Turkey announces reward for info on Abbas rival

Turkey offers $700,000 for information leading to capture of former senior Fatah leader Mohammed Dahlan.

Elad Benari, Canada,

Mohammed Dahlan
Mohammed Dahlan
Reuters

Turkey announced Friday it would offer four million lira ($700,000) for information leading to the capture of former Palestinian Arab strongman Mohammed Dahlan, now exiled in the United Arab Emirates, AFP reported.

Turkey accuses Dahlan of being a mercenary for the UAE and of being involved in the failed 2016 coup attempt against President Recep Tayyip Erdogan.

Interior Minister Suleyman Soylu was quoted as having told the Hurriyet newspaper that Dahlan would be placed on the country’s list of most wanted terrorists.

Dahlan, a former security chief in Gaza under Palestinian Authority chairman Mahmoud Abbas' Fatah faction, was ousted from the party in 2011 and fled to Dubai. His home in Ramallah was later raided by PA security forces.

Abbas has accused Dahlan of, among other things, collaborating with Israel to assassinate a senior Hamas terrorist in 2002.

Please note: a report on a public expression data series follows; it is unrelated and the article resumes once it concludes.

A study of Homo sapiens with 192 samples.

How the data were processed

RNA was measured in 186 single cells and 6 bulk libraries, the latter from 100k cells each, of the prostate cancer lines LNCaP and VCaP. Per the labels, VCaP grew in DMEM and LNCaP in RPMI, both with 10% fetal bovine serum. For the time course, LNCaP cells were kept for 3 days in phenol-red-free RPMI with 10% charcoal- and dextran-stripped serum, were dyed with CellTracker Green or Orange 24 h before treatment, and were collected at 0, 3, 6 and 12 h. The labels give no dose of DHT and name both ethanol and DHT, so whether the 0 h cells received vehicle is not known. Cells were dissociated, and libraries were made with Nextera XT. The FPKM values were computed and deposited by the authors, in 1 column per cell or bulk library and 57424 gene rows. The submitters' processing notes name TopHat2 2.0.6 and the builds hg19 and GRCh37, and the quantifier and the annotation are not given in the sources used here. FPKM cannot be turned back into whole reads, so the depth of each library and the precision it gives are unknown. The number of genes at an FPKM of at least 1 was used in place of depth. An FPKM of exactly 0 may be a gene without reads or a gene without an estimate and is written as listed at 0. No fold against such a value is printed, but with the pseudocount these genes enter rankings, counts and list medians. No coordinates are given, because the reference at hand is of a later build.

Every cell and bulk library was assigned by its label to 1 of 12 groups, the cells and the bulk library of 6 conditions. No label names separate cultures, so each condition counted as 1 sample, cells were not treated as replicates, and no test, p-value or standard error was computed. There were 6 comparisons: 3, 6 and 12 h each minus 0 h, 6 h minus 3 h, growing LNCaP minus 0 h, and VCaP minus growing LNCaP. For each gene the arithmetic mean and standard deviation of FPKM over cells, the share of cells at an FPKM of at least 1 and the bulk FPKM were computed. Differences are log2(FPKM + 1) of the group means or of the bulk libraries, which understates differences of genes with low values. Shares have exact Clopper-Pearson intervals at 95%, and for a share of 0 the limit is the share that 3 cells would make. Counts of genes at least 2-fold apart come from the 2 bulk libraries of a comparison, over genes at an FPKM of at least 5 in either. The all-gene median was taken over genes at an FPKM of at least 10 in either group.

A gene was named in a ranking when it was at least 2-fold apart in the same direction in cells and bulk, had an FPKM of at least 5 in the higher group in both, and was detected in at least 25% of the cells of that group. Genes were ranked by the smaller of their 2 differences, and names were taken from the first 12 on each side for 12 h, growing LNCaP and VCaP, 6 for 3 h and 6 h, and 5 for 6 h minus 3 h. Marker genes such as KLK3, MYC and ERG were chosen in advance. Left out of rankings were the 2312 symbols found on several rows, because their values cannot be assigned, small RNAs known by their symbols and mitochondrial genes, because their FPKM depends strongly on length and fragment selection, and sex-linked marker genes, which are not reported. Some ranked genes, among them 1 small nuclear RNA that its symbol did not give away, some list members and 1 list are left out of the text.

Dahlan was sentenced in absentia in 2016 to three years in prison for allegedly embezzling $16 million while serving as a cabinet minister.

Turkish media, noted AFP, regularly accuse Dahlan of involvement in the 2016 coup, and recently of playing a role in the murder of Saudi journalist Jamal Khashoggi at Saudi Arabia’s consulate in Istanbul last year.

Foreign Minister Mevlut Cavusoglu last month accused the UAE of harboring a terrorist, telling the Al Jazeera network, “(Dahlan) fled to you because he is an agent of Israel.”

Cavusoglu further accused the UAE of trying to replace Abbas with Dahlan.

A report back in 2016 claimed that the United Arab Emirates, Egypt and Jordan were planning to have Dahlan replace Abbas as PA chairman.

Two years earlier, reports said Israel was carrying out secret talks with Dahlan and that then-Foreign Minister Avigdor Liberman met in Paris with Dahlan – a report Liberman denied.

(Arutz Sheva’s North American desk is keeping you updated until the start of Shabbat in New York. The time posted automatically on all Arutz Sheva articles, however, is Israeli time.)